Chichester Festival Theatre, Chichester – until 2 September 2017
Guest reviewer: Soraya Scrivener
Set in 1905 in Imperial Russia, this musical tells the tale of Tevye, a poor Jewish milkman and his family, focusing on his three eldest daughters as they in turn wish to marry for love against tradition. Opening on Broadway in 1964 it ran for 3242 performances, holding the record for the longest-running Broadway musical for nearly 10 years and winning 9 Tony Awards.
In 1967, it hit the West End and played for 2030 performances and has since had many revivals across the globe and the highly successful 1971 film starring Topol, directed and choreographed by Jerome Robbins. We follow the conflict of generations, breaking down of traditions and a community forced to become refugees that is just as relevant today. As Tevye states ‘without our traditions our lives would be as shaky as a fiddler on a roof.’
Omid Djalili is truly sensational as Tevye. His witty ‘If I were a Rich Man’ is worth the ticket price and five stars alone. Djalili’s meticulous gesticulation, facial expressions and voice gave meaning to every syllable. Perfection! As a comedian, the audience expected him to shine comically which he did in abundance but he equally entranced us in his monologues to God and in tender numbers such as Chaveleh.
Daniel Evans direction is delightful. The company wow the audience with their magnificent harmonies from their first to last note. The ‘Sabbath Prayer’ and ‘Sunrise, Sunset’ were particularly exquisite enhanced by candlelight. David Hersey’s lighting was beautiful throughout clearly showing the transition between Tevye’s dialogue with God and the action. Equally Lez Brotherston’s designs excite. I must mention the ring of fire around the revolve at the end of ‘The Dream.’
The casting of the five women playing Tevye’s daughters was the only unconvincing element of the production for me. Whilst talented it niggled me throughout that they looked so very different. Other elements of this casting also irked but nothing detracted from this five-star show.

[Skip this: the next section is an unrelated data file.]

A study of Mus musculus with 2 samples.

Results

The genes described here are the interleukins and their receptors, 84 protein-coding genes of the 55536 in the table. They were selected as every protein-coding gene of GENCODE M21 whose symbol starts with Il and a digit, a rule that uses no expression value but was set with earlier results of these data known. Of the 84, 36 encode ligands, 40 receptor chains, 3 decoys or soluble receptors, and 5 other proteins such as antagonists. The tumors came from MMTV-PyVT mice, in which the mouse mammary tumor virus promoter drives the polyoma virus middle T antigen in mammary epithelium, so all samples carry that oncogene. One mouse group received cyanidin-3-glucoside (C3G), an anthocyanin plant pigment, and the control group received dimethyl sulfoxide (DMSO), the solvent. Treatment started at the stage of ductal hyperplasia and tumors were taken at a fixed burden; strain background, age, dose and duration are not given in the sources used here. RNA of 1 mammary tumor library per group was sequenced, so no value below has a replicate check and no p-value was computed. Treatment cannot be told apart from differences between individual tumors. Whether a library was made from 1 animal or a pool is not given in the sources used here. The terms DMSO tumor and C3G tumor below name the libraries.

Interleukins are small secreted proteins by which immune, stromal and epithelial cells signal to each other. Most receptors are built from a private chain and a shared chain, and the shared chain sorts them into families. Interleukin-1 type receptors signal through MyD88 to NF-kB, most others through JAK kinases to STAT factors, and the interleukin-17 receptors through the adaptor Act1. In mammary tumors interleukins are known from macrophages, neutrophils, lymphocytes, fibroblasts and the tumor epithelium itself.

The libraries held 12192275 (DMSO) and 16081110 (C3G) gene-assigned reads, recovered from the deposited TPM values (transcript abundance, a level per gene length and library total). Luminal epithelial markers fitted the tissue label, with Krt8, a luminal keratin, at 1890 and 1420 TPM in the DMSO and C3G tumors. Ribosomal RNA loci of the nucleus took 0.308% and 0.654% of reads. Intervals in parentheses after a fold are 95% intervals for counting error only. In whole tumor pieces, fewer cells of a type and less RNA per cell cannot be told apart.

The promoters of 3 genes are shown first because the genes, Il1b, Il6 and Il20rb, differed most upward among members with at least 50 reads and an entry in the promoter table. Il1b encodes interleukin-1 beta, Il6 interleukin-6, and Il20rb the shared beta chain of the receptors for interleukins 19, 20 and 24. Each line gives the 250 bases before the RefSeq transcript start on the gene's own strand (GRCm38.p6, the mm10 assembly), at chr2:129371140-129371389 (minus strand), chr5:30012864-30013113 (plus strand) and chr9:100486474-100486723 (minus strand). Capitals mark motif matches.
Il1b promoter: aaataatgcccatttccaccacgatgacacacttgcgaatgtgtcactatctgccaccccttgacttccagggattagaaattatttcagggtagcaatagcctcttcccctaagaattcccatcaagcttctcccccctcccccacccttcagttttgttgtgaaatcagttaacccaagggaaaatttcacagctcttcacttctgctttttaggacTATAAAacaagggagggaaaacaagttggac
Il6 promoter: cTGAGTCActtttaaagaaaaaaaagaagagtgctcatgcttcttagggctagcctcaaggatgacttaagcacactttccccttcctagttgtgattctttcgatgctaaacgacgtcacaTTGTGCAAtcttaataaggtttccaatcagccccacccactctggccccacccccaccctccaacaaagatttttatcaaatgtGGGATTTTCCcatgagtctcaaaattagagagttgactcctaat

I enjoyed Gareth Snook‘s characterisation of Lazar Wolf, the wealthy, mature butcher initially matched to Tevye’s eldest daughter. He reminded me of Albert Steptoe. ‘To Life’ celebrating the match was full of energy but I was hoping for more thrilling dancing by the Russians as during the rest of the show Alistair David’s choreography is sensational.
Jos Slovick’s Motel is charmingly giddy in ‘Miracle of Miracles.’ Mia Soteriou as Grandma Tzeitel and Laura Tebbutt’s Fruma-Sarah entertain in ‘The Dream.’ What a spectacular voice Tebbutt has. The skilled male dancers wowed us in the ‘Wedding Dance’ and were then joined by Djalili and more men for a challenging bottle balancing routine.
Act Two opened with the orchestra visible for the toe tapping entr’acte. The orchestra led by Tom Brady are a joy throughout. Tracy-Ann Oberman is a fine match to Djalili as Golde, Tevye’s wife. Their duet ‘Do You Love Me’ was touching and funny.
Special mention must go to Emma Kingston as Hodel as her rendition of ‘Far From the Home I Love’ was stunning. After the procession left the village the audience were moved by a creative ending. No spoilers from me!
Fiddler on the Roof has the perfect balance of tragedy and comedy brimming with beloved melodies. From the words of one of its songs – ‘laden with happiness and tears’. Not to be missed and one I would eagerly return to just for Djalili’s stunning performance. It certainly raised the roof!